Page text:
With assistant coach Mark Madsen leaving the program to take over as head coach of the Los Angeles D-fenders of the NBA D-League, Stanford head coach Johnny Dawkins had a vacancy to fill on his coaching staff.
Dawkins has found a replacement and an experienced one at that, as Stanford announced on Wednesday that Tim O’Toole will join the coaching staff. O’Toole, who spent last season as the director of basketball operations at Syracuse, has two decades of experience as both an assistant and head coach at the college level.
Prior to rejoining Jim Boeheim at Syracuse (O’Toole served as an assistant at Syracuse from 1991-95), O’Toole spent six seasons as a television analyst at both ESPN and SNY and a color commentator on St. John’s radio broadcasts.
“I am thrilled to have the opportunity to join Johnny’s staff and work for such a tremendous institution,” O’Toole said in the release announcing the move. “I have been blessed in my career to have the fortune of working at elite academic institutions while coaching under Hall of Fame mentors.
“I have known Johnny for 20 years, respect him greatly and believe in him whole-heartedly. Johnny has always been committed to excellence and Stanford is an incredible institution that represents excellence. I am grateful to be a part of the program and equally excited about the direction we are headed.”
O’Toole and Dawkins’ paths briefly intersected when the latter joined the Duke coaching staff after Tommy Amaker took the head coaching job at Seton Hall in 1997. O’Toole would join Amaker’s staff at Seton Hall a few weeks later.
O’Toole joins a program that won’t lack for talent in 2013-14, with forwards Josh Huestis and Dwight Powell and guards Aaron Bright and Chasson Randle all returning. There’s also the return of key reserve Anthony Brown, who missed all of last season due to a hip injury.
The Cardinal finished last season with a 19-15 record (9-9 Pac-12), losing to Alabama in the second round of the Postseason NIT.
Raphielle can be followed on Twitter at @raphiellej.
The injury Stephen Zimmerman suffered on Saturday will keep the star UNLV freshman out for at least a week, a source told NBC Sports.
The injury is not thought to be serious, however. Zimmerman may be kept out for longer as a precaution, but that’s a result of the Runnin’ Rebels being in a situation where the rest of their regular season is relatively meaningless.
They’re not getting an at-large bid to the NCAA tournament regardless of how they finish out league play. With back-up center Ben Carter out with a torn ACL, it’s more important to make sure that Zimmerman, who is averaging 10.6 points and 9.1 boards this season, is totally healthy for the Mountain West tournament.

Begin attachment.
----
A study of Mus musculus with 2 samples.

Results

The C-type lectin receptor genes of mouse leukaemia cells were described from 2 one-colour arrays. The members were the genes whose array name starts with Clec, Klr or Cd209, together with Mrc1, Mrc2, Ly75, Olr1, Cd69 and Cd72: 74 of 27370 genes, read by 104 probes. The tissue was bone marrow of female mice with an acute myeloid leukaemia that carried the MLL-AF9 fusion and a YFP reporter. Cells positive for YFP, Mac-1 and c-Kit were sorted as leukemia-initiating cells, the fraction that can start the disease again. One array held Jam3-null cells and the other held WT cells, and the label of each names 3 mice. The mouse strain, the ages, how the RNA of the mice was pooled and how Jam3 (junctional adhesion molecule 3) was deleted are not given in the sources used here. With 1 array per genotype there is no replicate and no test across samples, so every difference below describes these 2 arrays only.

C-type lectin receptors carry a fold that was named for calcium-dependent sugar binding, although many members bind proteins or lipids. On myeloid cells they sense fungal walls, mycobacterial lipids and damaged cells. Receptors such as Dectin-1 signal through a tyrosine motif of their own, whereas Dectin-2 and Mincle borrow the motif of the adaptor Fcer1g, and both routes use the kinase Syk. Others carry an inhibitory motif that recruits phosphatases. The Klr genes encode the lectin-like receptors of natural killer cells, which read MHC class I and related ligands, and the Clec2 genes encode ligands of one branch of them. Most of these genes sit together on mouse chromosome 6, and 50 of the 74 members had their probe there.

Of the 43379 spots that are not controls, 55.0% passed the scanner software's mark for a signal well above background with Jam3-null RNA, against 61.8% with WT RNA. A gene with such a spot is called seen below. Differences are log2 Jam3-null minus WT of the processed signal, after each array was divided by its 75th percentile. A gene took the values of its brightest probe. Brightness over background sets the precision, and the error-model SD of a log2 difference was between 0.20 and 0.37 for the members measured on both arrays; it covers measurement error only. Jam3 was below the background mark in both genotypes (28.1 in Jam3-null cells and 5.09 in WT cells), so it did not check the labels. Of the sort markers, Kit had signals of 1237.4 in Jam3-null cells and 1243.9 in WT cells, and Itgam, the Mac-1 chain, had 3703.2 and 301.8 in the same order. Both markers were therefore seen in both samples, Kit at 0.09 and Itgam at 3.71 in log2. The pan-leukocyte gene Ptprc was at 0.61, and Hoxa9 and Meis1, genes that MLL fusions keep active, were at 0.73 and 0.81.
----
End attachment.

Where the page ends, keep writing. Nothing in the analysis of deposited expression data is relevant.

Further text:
That tournament, mind you, will be played at UNLV’s Thomas & Mack Center.
So the Runnin’ Rebels, regardless of how poor they’ve played this season, will always have a chance to land an automatic bid.
Anyway, the more interesting aspect of this story is how Zimmerman injured the knee. It was a completely avoidable play that came after the whistle, but I’m not sure it was what you would call a “dirty play”. You tell me:
With a little more than three minutes left on Monday night, No. 24 Texas held a 57-51 lead on No. 3 Oklahoma in Norman as Jordan Woodard struggled again and Buddy Hield failed to find the rhythm that he had throughout the first three months of the season.
At that point in the game, Hield was 4-for-14 from the floor with 15 points and four turnovers. He had just missed a pair of wide-open threes
“I couldn’t make a shot,” Hield said after the game. But that changed down the stretch. First, Hield finally got a three to drop. On the next possession, he got all the way to the rim and scored. On the following two possessions, he was fouled on a drive to the rim and hit four free throws. And after missing a pull-up jumper, Hield did this:
“I told coach I wanted the ball,” Hield said, “I saw Lammert coming to bite, so I pulled up.”
“It’s all money.”
Hield is already the favorite to win National Player of the Year, and this performance is only going to help his cause further. Think about it like this: Buddy was not good on Monday night, at least according to his (admittedly lofty) standards. But he still finished with 27 points and shook off a cold shooting night just in time to take over down the stretch.
Now think about this: Hield’s head coach has enough confidence in him to hand him the keys in the final minutes despite the fact that he’s struggling and on a team that has two other players that Lon Kruger trusts on game-winning possessions. Think about it. When Oklahoma beat West Virginia at the buzzer, it was Jordan Woodard that the play was drawn up for. When they beat LSU, it was Isaiah Cousins that got the rock on the final possession while Hield was used as a decoy. .
Want to talk about coaching luxuries?
Kruger has three guards that can shoot, penetrate and score, and penetrate and kick, and one of them is the National Player of the Year that doesn’t mind being used as a decoy.